I have often wondered at the kind of people who post pictures of dead bodies. Sometimes, even ones where the remains are mutilated due to gory ends like accidents and murder. As we scroll down the newsfeed of Facebook, where many beautiful netizens pout, post pictures of delicious food, or put up pictures of their enviable workouts, the sudden appearance of a mutilated body of a person who can no longer give permission to post their picture makes me want to throw my mobile aside and take a long walk in a dust ridden Kathmandu, if only to clear my head of the image that insists on coming back to haunt me throughout the day.


Has the person who has posted these photos asked the permission to post these images from the grieving family? Have they even stopped to think that there might have been very close friends of the deceased who would not have known of the passing, and the shock of discovering the same on social media?


Believe it or not, we as human beings don't cease to be human beings once we are safely behind a screen, typing with our thumbs or what have you and thinking it is alright to send images to the net because you can. Of course, many people have their own ways of handling grief, but as a rule, when it comes to death, the brave new world does not have new rules. The ones who are left behind—the grief-stricken family and friends—are the ones who are at the top of the hierarchy of grieving. People should not post images of the deceased's' remains without getting the permission of their loved ones. If the person who has passed is young, then one needs to get the permission from their parents; if the person was married, then you need to get the permission of the spouse; and if the person had died of old age, one needs to take the permission from their children.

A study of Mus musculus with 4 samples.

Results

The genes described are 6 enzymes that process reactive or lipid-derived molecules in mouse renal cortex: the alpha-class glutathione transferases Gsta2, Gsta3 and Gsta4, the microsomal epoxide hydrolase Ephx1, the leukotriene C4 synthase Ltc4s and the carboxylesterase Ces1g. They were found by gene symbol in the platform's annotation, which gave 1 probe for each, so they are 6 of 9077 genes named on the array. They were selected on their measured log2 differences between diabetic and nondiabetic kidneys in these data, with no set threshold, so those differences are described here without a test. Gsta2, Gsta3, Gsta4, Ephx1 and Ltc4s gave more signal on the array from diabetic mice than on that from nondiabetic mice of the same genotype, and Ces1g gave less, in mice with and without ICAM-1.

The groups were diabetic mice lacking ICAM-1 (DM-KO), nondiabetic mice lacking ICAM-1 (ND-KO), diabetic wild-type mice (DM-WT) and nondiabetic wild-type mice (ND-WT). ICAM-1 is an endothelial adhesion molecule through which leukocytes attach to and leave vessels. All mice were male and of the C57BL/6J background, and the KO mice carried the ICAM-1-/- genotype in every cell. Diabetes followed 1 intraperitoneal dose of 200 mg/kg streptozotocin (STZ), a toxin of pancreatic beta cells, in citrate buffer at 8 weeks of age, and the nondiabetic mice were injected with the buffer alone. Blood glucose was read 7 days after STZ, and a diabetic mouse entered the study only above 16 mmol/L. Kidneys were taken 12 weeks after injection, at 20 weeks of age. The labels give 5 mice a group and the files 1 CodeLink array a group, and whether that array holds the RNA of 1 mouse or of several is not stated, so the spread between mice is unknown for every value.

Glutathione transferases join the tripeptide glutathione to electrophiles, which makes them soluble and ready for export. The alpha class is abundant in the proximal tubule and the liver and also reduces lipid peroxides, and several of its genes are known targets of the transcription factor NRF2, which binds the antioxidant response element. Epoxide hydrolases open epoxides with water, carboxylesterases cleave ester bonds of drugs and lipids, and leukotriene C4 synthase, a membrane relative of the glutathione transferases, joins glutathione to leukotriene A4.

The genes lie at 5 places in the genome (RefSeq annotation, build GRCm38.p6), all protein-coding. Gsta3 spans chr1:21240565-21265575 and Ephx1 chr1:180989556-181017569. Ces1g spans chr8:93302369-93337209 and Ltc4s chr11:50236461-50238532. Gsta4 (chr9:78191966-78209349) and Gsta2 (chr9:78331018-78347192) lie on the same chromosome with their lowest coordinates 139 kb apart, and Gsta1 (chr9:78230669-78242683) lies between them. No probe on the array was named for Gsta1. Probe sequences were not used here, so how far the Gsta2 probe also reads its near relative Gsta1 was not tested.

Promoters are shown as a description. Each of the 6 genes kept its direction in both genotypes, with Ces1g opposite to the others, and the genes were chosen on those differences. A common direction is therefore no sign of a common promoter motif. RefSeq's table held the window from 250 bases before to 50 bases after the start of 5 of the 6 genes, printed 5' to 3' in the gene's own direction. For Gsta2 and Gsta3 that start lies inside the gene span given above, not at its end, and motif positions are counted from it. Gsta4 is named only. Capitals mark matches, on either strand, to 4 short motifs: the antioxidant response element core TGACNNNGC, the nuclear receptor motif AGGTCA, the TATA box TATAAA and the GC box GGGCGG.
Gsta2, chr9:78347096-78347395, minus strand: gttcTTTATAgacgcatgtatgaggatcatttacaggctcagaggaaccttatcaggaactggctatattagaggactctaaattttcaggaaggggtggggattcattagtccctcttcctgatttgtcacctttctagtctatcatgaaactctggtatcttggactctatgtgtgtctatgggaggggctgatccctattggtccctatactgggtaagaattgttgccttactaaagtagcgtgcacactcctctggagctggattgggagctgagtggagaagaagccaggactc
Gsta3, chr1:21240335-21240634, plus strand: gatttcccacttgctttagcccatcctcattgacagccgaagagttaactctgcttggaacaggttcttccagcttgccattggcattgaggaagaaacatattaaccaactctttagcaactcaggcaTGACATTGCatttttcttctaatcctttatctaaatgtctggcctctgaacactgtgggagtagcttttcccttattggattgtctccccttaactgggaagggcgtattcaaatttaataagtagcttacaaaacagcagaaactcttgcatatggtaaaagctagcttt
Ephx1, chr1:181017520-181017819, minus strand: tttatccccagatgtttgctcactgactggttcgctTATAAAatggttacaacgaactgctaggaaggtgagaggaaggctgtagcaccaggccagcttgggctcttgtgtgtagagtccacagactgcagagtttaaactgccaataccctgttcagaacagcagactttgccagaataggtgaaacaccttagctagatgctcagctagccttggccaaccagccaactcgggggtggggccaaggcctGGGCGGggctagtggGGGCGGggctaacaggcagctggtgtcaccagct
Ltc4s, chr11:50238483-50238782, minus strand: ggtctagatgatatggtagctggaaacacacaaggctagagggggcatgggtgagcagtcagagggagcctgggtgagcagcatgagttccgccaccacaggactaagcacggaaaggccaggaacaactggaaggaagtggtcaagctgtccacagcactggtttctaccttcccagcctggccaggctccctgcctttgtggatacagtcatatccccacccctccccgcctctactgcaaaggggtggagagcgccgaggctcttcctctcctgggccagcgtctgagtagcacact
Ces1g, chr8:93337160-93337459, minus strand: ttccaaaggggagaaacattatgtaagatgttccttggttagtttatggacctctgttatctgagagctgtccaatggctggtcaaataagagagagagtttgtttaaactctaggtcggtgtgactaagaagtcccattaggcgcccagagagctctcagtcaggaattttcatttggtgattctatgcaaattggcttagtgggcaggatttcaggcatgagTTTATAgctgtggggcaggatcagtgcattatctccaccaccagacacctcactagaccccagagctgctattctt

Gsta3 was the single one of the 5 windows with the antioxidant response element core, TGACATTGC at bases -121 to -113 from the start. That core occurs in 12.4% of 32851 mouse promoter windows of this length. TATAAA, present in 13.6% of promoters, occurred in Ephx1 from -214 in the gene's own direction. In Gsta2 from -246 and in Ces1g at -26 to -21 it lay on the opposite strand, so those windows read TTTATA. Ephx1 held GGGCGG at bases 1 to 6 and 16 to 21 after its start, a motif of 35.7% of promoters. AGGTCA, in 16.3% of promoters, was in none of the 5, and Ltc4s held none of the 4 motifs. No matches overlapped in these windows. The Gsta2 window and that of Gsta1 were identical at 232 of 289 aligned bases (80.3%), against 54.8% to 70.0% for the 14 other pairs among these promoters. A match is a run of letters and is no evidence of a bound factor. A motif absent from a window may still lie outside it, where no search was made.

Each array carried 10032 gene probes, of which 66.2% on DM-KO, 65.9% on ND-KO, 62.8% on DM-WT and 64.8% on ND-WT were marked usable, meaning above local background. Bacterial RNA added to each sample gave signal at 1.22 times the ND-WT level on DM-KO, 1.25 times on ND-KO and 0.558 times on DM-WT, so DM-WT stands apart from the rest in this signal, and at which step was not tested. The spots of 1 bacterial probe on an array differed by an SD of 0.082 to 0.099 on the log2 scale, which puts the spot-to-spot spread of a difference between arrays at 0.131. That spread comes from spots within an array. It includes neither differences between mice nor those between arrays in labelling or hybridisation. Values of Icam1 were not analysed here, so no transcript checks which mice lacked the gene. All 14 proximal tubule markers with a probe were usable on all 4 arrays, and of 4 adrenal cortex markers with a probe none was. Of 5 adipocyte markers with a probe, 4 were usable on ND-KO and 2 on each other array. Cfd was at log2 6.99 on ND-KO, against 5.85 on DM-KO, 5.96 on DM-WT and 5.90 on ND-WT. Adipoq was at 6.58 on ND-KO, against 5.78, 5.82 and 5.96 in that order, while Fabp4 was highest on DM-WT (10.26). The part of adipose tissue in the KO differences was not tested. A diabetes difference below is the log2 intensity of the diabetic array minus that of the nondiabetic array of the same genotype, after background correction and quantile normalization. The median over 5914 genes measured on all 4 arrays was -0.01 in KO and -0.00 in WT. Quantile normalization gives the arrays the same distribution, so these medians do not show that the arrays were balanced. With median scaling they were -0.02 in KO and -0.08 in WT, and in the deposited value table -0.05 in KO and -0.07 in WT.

Most importantly, we need to face the truth. We need to confront death just as we tackle birth and marriage. The birth of a child can only be announced by the parents, the announcement of a marriage should ideally come from the ones who are getting married to each other. And, a word of advice from yours truly, who shudders at the thought of people posting pictures of my dead body without the permission of my husband or son, we should all make a pact with our near and dear ones that the moment you die, they will announce that strict legal action will be taken on anyone who posts pictures of the funeral or the deceased's' body without the permission of the family. It is essential to discuss the inevitable with your close ones. In this day of dismissive R.I.P.s, we have to learn to protect our dear ones even before we leave, so that only they get to handle the goodbyes as they see fit.